Anna Wu, associate vice chancellor for Facilities Services, retired Thursday after a 28-year career at UNC.
Staff writer Ashley Quincin sat down to talk with her about her time with the University. This interview has been edited for brevity and clarity.
The Daily Tar Heel: For readers who aren’t familiar with UNC Facilities Services, how does it contribute to the livelihood of the University? What is your role as associate vice chancellor?
Anna Wu: Finance and Operations likes to say that we make the campus go, and Facilities on the operational side is charged with maintaining all the grounds and buildings. On the planning, design and construction side, we’re charged with the Master Plan, implementing renovations, new projects here on campus, so really shaping the physical environment of the campus. I like to think that that really contributes to the sense of place at Carolina, which I think is a major appeal for why students come here. We really are stewards for the physical environment here at Carolina. My role is really having the opportunity to work with the hundreds of people on campus who contribute to that mission.
DTH: You’ve been with the University since 1995. In those years, what are some of the highlights of your career?
AW: I would say that the campus I arrived at is very different from the campus I’m leaving. Some of that is there are more women in the workplace, there is more opportunity for our development and growth. Certainly, because I focus on the physical aspects of it, the campus has changed a lot. I had the good fortune to start as a project manager and work on some projects. Lenoir Hall, for example, might seem a little tired around the edges, but in ‘96-‘97, we shut it down for a year and did a comprehensive renovation to that building. Aycock (now McClinton) and Graham were two buildings that were not always connected. I worked on that renovation and the connection to that residence hall, and we used that connector as an opportunity to introduce an elevator and to provide more common space.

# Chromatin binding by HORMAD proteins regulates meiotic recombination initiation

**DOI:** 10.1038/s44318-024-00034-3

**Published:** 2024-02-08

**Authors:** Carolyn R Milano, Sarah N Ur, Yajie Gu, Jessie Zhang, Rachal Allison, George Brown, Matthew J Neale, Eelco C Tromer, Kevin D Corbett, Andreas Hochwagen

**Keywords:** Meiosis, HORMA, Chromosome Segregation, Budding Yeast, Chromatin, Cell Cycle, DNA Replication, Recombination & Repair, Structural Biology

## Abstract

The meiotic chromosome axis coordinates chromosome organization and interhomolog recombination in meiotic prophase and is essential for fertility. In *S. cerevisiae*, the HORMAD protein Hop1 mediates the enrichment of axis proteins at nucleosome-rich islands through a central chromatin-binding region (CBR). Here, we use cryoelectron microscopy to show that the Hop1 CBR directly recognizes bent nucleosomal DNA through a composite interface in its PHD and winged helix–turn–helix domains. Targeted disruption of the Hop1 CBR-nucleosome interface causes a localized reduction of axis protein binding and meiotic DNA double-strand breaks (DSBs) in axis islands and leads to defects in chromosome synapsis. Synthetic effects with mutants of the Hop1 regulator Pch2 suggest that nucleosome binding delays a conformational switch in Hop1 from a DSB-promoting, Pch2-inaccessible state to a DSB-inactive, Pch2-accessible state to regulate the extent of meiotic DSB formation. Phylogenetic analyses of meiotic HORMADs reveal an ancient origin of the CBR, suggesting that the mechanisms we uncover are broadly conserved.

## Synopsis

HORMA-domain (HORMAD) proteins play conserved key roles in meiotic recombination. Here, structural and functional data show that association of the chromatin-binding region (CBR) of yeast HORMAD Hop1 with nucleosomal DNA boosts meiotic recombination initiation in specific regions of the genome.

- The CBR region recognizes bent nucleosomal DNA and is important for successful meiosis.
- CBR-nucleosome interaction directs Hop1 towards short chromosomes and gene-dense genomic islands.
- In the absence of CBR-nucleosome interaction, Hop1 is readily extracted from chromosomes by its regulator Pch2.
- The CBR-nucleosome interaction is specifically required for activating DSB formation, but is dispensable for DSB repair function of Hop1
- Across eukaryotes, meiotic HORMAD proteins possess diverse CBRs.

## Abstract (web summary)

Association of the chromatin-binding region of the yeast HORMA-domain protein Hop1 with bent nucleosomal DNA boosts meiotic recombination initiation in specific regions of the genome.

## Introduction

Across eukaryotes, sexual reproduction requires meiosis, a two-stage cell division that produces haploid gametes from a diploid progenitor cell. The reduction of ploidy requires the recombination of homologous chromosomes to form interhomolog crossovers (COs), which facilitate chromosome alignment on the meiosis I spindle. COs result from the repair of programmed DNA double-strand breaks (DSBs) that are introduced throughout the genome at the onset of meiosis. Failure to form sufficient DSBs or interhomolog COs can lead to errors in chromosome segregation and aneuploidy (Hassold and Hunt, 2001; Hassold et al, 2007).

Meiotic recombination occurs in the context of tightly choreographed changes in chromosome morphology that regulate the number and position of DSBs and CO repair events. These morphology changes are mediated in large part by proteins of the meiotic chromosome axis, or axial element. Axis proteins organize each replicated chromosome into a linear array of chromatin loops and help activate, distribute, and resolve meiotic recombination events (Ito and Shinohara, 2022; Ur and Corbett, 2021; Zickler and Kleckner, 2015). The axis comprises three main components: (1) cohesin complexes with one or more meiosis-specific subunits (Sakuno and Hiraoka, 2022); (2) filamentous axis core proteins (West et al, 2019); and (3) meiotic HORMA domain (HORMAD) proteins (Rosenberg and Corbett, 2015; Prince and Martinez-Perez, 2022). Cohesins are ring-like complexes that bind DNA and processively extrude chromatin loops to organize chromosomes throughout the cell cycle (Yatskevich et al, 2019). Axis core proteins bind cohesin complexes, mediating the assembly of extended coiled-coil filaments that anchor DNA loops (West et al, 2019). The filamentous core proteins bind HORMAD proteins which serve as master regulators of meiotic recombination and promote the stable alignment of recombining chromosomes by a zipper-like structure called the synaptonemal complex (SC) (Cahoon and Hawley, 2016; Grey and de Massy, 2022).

DTH: What sort of advice would you give to women who are looking to be architects, especially in a field that’s not so dominated by them?
AW: It’s a changing field. So there are certainly more women architects, women studying architecture, and there are more women practicing architecture than when I arrived in the profession, which was many years ago. One thing that I’ve done is I’ve spoken with women, either students or young practitioners, to encourage them to realize the breadth of the profession and that you can practice in multiple and many ways. And also to be flexible, and to give yourself some grace, because there are going to be periods when your career trajectory and your path may change. But I think that your path is yours to design. And it can happen on any time frame. There is no time clock.
DTH: How does Facilities Services handle accessibility on campus?